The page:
Despite New Zealand’s geographical distance from Europe, and the considerable differences between Britain and a small South Pacific island nation with a rugged landscape, volcanic peaks and indigenous population, New Zealand and its citizens were expected to develop a variety of English not dissimilar to that of its northern ‘motherland’. In fact, little notice was taken of New Zealand English, and systematic research and scholarship into this language variety developed only late in the 20th century.
Studying the language
In the early 1890s James Murray, editor of the New English dictionary, precursor to the Oxford English dictionary, solicited words and usages peculiar to Australia and New Zealand.
Edward Ellis Morris of the University of Melbourne took up the challenge and sought New Zealand terms and evidence of their usage in written citations. Advertising widely in New Zealand newspapers for assistance, he gathered sufficient terms to publish an independent dictionary. In 1898 his comprehensive publication Austral English: a dictionary of Australasian words, phrases and usages went almost unheralded in New Zealand, while it was greeted with considerable criticism in Australia.
It was not until 1943 that the distinctiveness of New Zealand English was described, when Jack Bennett, a New Zealander at Oxford University in England, wrote about ‘English as it is spoken in New Zealand’ in the journal American Speech.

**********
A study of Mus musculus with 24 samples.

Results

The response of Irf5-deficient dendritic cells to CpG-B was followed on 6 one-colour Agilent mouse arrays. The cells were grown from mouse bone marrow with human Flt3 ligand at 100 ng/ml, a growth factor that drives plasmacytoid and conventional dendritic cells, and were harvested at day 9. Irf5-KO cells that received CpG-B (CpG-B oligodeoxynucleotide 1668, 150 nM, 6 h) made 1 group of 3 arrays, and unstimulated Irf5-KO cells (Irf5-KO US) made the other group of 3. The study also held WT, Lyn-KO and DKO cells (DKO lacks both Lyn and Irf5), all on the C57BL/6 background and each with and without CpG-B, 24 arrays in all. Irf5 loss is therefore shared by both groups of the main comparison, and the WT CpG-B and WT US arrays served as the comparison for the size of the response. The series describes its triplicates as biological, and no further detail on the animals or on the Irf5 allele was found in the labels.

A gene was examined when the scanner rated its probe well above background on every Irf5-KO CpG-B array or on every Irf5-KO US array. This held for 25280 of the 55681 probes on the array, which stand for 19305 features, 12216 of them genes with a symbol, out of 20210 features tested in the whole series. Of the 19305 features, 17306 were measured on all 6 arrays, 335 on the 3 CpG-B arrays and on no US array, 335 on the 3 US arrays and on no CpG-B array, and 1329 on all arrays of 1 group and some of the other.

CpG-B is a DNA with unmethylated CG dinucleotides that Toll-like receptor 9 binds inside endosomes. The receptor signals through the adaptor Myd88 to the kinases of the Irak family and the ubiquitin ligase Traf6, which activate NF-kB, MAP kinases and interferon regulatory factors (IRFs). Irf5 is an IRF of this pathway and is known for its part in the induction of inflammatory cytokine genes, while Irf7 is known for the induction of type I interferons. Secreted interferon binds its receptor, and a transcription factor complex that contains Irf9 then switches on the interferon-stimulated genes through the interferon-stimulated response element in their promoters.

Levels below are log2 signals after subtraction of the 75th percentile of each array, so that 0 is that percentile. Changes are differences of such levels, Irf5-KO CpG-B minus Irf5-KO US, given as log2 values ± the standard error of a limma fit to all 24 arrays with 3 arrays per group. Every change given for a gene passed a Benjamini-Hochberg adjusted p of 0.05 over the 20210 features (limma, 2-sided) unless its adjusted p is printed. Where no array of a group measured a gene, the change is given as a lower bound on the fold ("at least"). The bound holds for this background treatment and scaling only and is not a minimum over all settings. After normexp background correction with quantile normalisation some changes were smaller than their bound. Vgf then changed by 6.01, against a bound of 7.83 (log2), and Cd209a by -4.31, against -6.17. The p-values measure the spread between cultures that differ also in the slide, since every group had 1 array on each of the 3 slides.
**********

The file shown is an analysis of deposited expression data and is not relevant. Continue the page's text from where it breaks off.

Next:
In 1943 New Zealander Jack Bennett criticised the way Pākehā pronounced and wrote Māori words. He mentioned careless and corrupt pronunciation and mutilated spelling. However, he noted that ‘in recent years, as a result of instruction in schools and on the radio, there has been a noticeable improvement … [and] school-children have been encouraged to use Maori words for indigenous trees and plants.’1
Bennett claimed that New Zealand English of the time was rich in slang, and strongly influenced by terms from rural life. He argued that local usages of bach, morning tea, shower (a food cover), smoke-oh (or smoko, a tea break for workers), lollies, blackballs (sweets) and service cars (vehicles for hire) were distinctive to New Zealand in the 1940s. To Bennett, there was sufficient evidence to demonstrate that New Zealand and Australia had individual forms of English.
Victoria University of Wellington became an important centre of New Zealand English scholarship under Professor Ian Gordon, who taught there from 1937 to 1974. His student and fellow lecturer Harry Orsman edited the first dictionary dedicated to New Zealand English, which was published in 1997 after more than 40 years of research. The New Zealand Dictionary Centre was established at Victoria University in 1997 to maintain a database of New Zealand English words, to conduct research and to produce dictionaries and other educational publications.